Trump didn’t mention Colin Kaepernick by name, but it was clear to whom he was referring when he pivoted from claiming that “our inner cities will find a rebirth of hope, safety and opportunity” to talking about “your San Francisco quarterback.”
“There was an article today, it was reported, that NFL owners don’t want to pick him up because they don’t want to get a nasty tweet from Donald Trump, do you believe that?” Trump said to a cheering crowd.
“I just saw that,” the president said, adding, “I said if I remember that one, I’m gonna report it to the people of Kentucky, because they like it when people actually stand for the American flag, right?”
Kaepernick became a lightning rod last season when he began kneeling during pregame renditions of the national anthem, while most other players and coaches stood, many holding their hands over hearts. The veteran quarterback explained that he was doing it to protest racial injustice in the United States, particularly the killings of black men by police. He had initially sat on the bench during anthems, but switched to kneeling after discussing the matter with a former Seahawks player and Green Beret, with whom he arrived at a “middle ground.”
Last season also saw Kaepernick restructure his contract with San Francisco in such a way as to give him an opt-out clause, one he exercised before free agency began in March. The article cited by Trump appears to be one written by Bleacher Report’s Mike Freeman and published Friday, in which the longtime NFL reporter called the lack of interest in the still-unsigned quarterback “highly unusual.” Freeman got an explanation from an unidentified AFC general manager, who said that “three things are happening” with Kaepernick.
“First, some teams genuinely believe that he can’t play,” the GM said. “They think he’s shot. I’d put that number around 20 percent.
“Second, some teams fear the backlash from fans after getting him. They think there might be protests or Trump will tweet about the team. I’d say that number is around 10 percent. Then there’s another 10 percent that has a mix of those feelings.
“Third, the rest genuinely hate him and can’t stand what he did. They want nothing to do with him. They won’t move on. They think showing no interest is a form of punishment. I think some teams also want to use Kaepernick as a cautionary tale to stop other players in the future from doing what he did.”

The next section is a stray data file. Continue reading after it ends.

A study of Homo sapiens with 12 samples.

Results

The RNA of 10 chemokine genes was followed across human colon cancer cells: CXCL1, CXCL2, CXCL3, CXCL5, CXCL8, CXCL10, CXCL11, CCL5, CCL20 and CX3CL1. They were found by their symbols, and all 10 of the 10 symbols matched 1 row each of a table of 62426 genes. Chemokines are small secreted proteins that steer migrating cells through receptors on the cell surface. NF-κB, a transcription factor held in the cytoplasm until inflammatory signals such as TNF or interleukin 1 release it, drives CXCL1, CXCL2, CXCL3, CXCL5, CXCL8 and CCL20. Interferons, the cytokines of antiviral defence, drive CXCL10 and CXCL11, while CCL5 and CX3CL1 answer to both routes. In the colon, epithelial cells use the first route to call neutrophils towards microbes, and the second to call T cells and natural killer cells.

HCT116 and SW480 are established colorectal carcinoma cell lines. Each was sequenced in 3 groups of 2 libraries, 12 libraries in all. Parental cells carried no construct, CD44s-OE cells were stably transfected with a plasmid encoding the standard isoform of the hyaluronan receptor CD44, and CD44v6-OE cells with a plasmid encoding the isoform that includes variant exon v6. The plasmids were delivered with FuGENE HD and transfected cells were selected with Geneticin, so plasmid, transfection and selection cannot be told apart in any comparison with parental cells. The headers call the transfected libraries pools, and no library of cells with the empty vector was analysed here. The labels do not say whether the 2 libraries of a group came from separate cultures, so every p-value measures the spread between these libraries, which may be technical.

Assuming that’s the passage to which Trump was referring, he appears to have omitted the part where the GM estimated that fear of a tweet from the president was a factor for about 10 percent of NFL teams, which would be three to four squads. Nevertheless, it is apparent that Kaepernick’s political views are limiting his potential suitors, considering his on-field upside.
Kaepernick had led the 49ers to a Super Bowl after the 2012 season and to the NFC championship the following year, but his play deteriorated and he was benched in 2015. He began the 2016 season recovering from shoulder surgery before going 1-10 in 11 starts, but the 29-year-old put up respectable statistics, including throwing 16 touchdowns to four interceptions and attaining the league’s 17th best passer rating (90.7), while doing his usual damage on the ground (69 rushes for 468 yards and two touchdowns).
However, several quarterbacks who figure to be poorer bets for good production this season have been signed, including two, journeyman Brian Hoyer and unproven Matt Barkley, by the 49ers, who went into the offseason with that position completely barren on their roster. Mike Glennon, a 27-year-old with far less experience than Kaepernick, little of the latter’s athleticism and worse numbers in significant categories such as passer rating (84.6 to 88.9) and yards per attempt (6.5 to 7.3), got a three-year, $45 million contract to start for the Bears.
Shortly before Trump’s speech, news emerged that Josh McCown, who will be 38 in July and has an 18-42 record in 60 career starts, was signed by the Jets. Of course, that team is owned by Woody Johnson, a major Republican donor who was tabbed to be the president’s ambassador to the United Kingdom, so he may well be anxious to avoid a critical tweet from Trump.
The back-and-forth between and Trump and Kaepernick began in December 2015, around the time the quarterback started increasing his social activism, posting Instagram messages critical of the then-candidate’s positions on Muslims, journalists and the threat of terrorists. Later that year, Trump called the anthem protests a “terrible thing,” saying, “Maybe he should find a country that works better for him. … Let him try. It won’t happen.”
Kaepernick eventually responded by saying, “That’s a very ignorant statement, that if you don’t agree with what’s going on here, and that if you want justice and liberty and freedom for all, that you should leave the country. He always says ‘Make America great again.’ Well, America’s never been great for people of color. And that’s something that needs to be addressed. Let’s make America great for the first time.”
One presumes that Kaepernick will eventually wind up on some NFL team; after all, this is the league that brought Michael Vick back into the fold after he was imprisoned for running a dogfighting ring and has seen fit to employ any number of domestic-violence offenders. On the other hand, could he be Canada-bound? TSN reported Monday that the CFL’s Hamilton Tiger-Cats had added Kaepernick, as well as another free agent quarterback, Robert Griffin III, to their negotiation list.
Seeing Kaepernick essentially banished for his protests would likely please Trump, who could crow that he had told the quarterback to go find another country. No matter how Kaepernick’s free agency plays out, it seems we can expect a high-profile tweet about it.